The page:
New study shows more needs to be done to raise public awareness on the impact of good oral health habits on overall health.
Bangkok, 6th October – A new study by Ipsos and GSK Consumer Healthcare, with 4500 participants across 9 countries, including 500 participants from Thailand. Key findings from respondents in Thailand highlight insufficient public awareness on the impact of good oral health to our overall health and the need to promote good oral health habits in Thailand. This behavior can be more than their smile put at risk if they don’t take care of their mouths properly.
The association between oral health and overall health is well-documented by the scientific community. However, public awareness of the wider benefits of careful tooth-brushing, taking care of your oral cavity and regular dentist visits remains worryingly low.
- Not enough awareness of the importance of good oral health during pregnancy
During pregnancy, higher hormone levels can change the way the body reacts to plaque build-up, causing swollen gums, an early sign of gum disease. Pregnant women with severe gum disease, also known as periodontitis, are more at riskgiving birth prematurely, suffer pre-eclampsia, or have a baby with low birth weight – meaning good oral health habits and seeking advice from healthcare professionals are critical1.
Yet, just 61% of respondents to the survey were aware that good oral healthcare can support a healthier pregnancy, with lower risk of complications. There was even lower awareness of the risks of poor oral health for pregnancy among older respondents who will be grandparents and often advisors. While approximately 71% of those under 50 knew of the risks, the number fell to just 52% for people aged over 50.
- Higher risk groups unaware of oral health links to diabetes
Poor oral health can cause gum inflammation and infection. This can make it harder for the body to control blood sugar levels, and respond appropriately to insulin2. In turn, high glucose levels in the saliva of Type 1 and Type 2 diabetes sufferers can increase the risk of dental decay, and their high blood sugar levels mean general wounds, including those in the mouth, heal more slowly.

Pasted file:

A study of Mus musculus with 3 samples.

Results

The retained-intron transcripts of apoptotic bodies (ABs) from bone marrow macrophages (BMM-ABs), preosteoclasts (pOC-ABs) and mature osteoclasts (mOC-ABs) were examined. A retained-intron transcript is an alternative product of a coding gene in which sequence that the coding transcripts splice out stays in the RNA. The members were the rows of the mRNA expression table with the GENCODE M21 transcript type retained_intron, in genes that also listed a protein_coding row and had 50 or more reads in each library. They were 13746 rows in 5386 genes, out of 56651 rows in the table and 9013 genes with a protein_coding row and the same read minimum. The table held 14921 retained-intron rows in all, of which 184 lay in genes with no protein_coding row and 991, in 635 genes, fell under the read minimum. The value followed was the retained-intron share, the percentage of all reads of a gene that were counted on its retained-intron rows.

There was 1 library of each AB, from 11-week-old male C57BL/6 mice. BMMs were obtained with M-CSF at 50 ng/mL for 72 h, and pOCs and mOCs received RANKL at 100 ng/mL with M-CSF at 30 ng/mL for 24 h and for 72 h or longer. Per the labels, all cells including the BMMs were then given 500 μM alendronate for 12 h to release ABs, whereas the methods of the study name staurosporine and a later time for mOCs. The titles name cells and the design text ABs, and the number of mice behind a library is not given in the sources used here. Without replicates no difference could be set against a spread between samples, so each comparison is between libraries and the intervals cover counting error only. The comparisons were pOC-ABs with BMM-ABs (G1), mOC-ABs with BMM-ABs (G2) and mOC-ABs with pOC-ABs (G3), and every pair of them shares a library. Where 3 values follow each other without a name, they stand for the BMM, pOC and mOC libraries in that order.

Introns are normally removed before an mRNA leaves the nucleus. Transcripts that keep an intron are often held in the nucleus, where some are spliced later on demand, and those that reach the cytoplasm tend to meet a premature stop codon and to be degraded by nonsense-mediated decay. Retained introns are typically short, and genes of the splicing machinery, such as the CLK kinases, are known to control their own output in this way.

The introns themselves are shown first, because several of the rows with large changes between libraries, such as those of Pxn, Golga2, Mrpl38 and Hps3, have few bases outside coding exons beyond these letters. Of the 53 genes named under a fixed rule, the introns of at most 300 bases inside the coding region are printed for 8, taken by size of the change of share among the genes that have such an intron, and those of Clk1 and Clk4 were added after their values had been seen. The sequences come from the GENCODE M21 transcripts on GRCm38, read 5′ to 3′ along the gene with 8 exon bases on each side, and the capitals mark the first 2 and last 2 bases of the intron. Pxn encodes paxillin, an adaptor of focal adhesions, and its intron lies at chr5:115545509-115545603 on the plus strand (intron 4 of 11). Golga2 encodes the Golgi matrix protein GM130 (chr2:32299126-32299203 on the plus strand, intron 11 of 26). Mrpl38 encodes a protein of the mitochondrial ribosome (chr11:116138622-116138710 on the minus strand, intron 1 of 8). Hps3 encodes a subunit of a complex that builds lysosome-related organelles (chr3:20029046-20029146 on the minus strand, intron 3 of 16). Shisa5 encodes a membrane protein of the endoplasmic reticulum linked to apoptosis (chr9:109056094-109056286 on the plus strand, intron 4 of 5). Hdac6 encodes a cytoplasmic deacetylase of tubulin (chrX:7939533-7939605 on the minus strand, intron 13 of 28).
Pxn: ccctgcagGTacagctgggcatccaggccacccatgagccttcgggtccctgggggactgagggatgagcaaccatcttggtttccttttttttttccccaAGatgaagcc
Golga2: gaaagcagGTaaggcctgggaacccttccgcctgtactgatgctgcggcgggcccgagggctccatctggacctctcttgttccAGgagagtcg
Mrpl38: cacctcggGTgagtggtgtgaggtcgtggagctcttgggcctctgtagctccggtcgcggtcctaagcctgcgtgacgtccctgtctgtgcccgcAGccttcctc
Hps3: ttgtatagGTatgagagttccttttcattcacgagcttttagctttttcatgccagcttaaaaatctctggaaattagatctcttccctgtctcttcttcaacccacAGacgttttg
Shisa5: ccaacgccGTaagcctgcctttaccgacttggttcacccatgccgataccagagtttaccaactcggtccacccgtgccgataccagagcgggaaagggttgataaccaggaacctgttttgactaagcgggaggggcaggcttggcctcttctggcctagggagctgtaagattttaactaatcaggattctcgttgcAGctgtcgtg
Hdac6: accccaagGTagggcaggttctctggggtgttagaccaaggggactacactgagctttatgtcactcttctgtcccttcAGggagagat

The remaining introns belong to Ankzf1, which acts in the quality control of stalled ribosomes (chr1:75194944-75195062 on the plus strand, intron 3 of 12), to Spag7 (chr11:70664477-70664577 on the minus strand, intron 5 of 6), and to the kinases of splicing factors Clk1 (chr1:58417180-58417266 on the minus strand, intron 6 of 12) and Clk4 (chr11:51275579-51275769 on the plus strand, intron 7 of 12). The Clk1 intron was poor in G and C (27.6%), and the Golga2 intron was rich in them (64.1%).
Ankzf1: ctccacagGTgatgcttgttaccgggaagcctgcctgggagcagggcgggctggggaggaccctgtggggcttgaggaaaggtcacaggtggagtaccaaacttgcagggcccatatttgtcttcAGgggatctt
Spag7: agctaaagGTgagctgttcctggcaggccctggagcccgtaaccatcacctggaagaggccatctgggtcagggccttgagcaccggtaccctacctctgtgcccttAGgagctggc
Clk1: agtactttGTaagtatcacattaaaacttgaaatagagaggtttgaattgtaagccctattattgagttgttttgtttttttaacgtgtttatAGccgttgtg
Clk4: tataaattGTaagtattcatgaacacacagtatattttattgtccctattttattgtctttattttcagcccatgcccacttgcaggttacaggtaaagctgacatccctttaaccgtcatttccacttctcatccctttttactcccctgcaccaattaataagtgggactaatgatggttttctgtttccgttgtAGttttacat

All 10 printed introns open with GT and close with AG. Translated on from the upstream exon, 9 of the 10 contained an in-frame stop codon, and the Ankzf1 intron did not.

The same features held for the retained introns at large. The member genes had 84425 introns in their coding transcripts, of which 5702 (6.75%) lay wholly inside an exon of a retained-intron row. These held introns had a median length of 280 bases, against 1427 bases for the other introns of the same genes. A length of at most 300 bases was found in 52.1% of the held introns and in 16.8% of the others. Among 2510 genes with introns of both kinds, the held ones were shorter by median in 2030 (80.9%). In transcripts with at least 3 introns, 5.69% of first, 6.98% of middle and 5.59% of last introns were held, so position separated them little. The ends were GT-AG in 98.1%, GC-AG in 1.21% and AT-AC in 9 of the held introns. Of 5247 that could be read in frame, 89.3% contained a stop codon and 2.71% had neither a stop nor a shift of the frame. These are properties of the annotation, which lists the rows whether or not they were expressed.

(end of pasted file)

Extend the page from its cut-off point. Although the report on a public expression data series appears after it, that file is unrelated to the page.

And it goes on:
While 69% of respondents between the age 18-29 were aware that good oral health has a positive impact on helping to maintain blood sugar levels and manage diabetes, this number dropped to only 62% for respondents over 50. With the over 50s, being a higher-risk group, more likely to develop type 2 Diabetes, this suggests a need for targeted awareness raising and education.
- Oral health links to cardiovascular disease better recognised
Research shows that people with severe gum disease are at higher risk of heart
disease. The bacteria that attack gums can spread throughout the body in
the bloodstream and can cause inflammation 3.
63% of respondents were aware that good oral health habits can reduce the risk of developing cardiovascular diseases.
The study highlighted the significant role of regular dental visits in improving understanding of the relevance of oral health to overall health. Respondents who visited a dentist more frequently during the pandemic compared to before were more aware of the impact of oral health on all conditions surveyed.
- 76% of respondents in South East Asia who visited the dentist more frequently compared to pre-Covid times were aware that good oral health can improve the chance of healthy pregnancy compared to 58% of respondents on average.
- 77% of respondents in South East Asia who visited the dentist more frequently compared to pre-Covid times were aware that good oral health can reduce the risk of cardiovascular disease, compared to 65% of respondents on average.
- 74% of respondents in South East Asia who visited the dentist more frequently compared to pre-Covid times were aware that good oral health can help to manage diabetes compared to 62% average of respondents on average.
Emerson Aguinaldo, General Manager, South East Asia and Taiwan, GSK Consumer Healthcare, said: “Being healthy isn’t all about broadcasting your runs or snapping photos at the gym – it can be the most mundane, behind-the-scenes habits that have the biggest impact. Good oral care habits like good, regular tooth-brushing using proven effective consumer healthcare products (toothpaste, mouth rinse and floss) are no exception. We need to show people the power of getting these habits right due to the many positive effects this can have on overall health, ultimately reducing the risk of developing a number of health conditions in the long term.
As a leading global healthcare company, GSK work closely with frontline health workers, pharmacists, dentists and government organisations to empower consumers to take better care of their everyday health, and in doing so, relieving pressure on our health services.”